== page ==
I have spent many years traveling to Sacramento to conduct one-on-one advocacy with state legislators and key policymakers. It’s a challenge, especially living several hundred miles away with no direct flight to Sacramento. The four to five hour drive gets old!
Category: Voice of our CEO
I have been working in the Human Services field in California for over 45 years, and I have to say, innovative, efficacious programs development by the State have been for the most part nonexistent. Seriously. Almost every important program for children and youth has been the result of litigation or the force of advocacy from the private sector. Even California’s new CCR-Foster Care Reform effort was birthed in response to a lost lawsuit.
As the Family Care Network moved toward and crossed its 30 year milestone, I was asked a lot of questions, such as: how does it feel to hit this anniversary, did I ever imagine FCNI would become what it has, am I planning to retire; what my future plans are, and so on. Probably some of the most important questions to me, however, were: why are you so driven, what has kept me going all these years, and what has been my best memory? Not surprisingly to me, the answer to all of these questions is the same—CHANGED LIVES!
Thirty Years, what an amazing, blessed journey it has been--watching the Family Care Network emerge from a dream to become a significant, important player in the lives of so many children, youth and families. Ours is a story of incredible people, risk taking, passion, heart, tenacity, innovation, partnership, creativity, planning and, above all, serving!
Unless you are living in some altered reality, it is unquestionably clear – we are living in Uncertain Times. Politically, financially, geopolitically, environmentally, internationally, culturally, socially, “the times they are a chang’n.” Unfortunately, these changes aren’t necessarily for the better. Except for annoying political nonsense, the last eight years have been pretty stable. But now... it feels like our normative order is being turned on its head. Angst and fear have blanketed the hearts of far too many as uncertainty burgeons like an explosion of wildflowers after a rainy season.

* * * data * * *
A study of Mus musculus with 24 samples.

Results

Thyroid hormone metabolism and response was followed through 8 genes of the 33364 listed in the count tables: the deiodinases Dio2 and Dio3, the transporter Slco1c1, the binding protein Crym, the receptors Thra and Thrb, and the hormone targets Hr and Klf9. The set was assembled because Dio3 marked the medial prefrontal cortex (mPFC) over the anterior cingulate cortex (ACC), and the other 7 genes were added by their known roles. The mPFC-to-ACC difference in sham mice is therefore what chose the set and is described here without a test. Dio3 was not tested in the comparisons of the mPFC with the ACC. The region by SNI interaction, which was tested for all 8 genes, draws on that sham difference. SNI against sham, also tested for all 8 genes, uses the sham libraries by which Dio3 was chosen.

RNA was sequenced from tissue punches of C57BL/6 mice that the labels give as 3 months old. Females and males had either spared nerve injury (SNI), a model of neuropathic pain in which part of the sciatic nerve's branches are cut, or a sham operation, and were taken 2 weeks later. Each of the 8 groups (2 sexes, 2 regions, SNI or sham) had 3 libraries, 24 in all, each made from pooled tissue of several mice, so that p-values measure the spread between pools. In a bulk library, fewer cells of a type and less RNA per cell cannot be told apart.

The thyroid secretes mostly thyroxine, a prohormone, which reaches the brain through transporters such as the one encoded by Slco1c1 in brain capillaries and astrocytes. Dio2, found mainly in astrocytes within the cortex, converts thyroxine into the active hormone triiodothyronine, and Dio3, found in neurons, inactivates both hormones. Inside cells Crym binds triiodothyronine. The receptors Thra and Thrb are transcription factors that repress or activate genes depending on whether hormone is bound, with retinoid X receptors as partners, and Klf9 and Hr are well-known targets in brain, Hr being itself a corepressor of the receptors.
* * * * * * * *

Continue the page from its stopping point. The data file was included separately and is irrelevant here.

Your Attitude determines the state of the world you live in; it is the foundation for every success and every failure you have had and will have. Your Attitude will make you or break you.
ATTITUDE is the primary determinant of how you are perceived and how others react to you. Have a positive, joyful attitude, and you’ll have positive, joyful results. Put out a bad, negative attitude, and you’ve failed before you even begin.
My wife and I have been blessed with seven beautiful grandchildren--seven lives we absolutely cherish. Like most conscientious grandparents, and parents for that matter, observing the times we live in can be very disconcerting and troublesome. What will their future hold? What are the negative influences permeating their innocence? Who will they model after? These are just some of the thoughts that haunt us.
You know, it is really easy to complain and criticize, to worry and fret, or to get angry. I, for one, am guilty of these reactions; not often, but enough to disappoint myself. How good it feels to break out of the stupor and regain my sense of direction! You see, we all have a choice--to be overwhelmed by life’s circumstances, or to overwhelm those circumstances through Innovation and Creativity!
I spent most of the first week of May doing public policy advocacy in Washington DC, something I have done for nearly a decade. Wow, was this year different! As I flew back to California, these four words resonated in my thoughts: Fear, Complacency, Conviction and Courage.
“Foster Care” has come a long way over the past couple of centuries and is yet experiencing another significant transformation. Foster care in the USA has its origins in English Poor Law, which basically allowed an abandoned or orphaned child to be forced into indentured servitude until they became of age. Kids basically became slaves for the individuals housing them. The argument in favor of this practice was that this arrangement provided children with the “basic skills they needed to survive in life.” America’s first foster child was Benjamin Eaton, age 7, in the Jamestown Colony.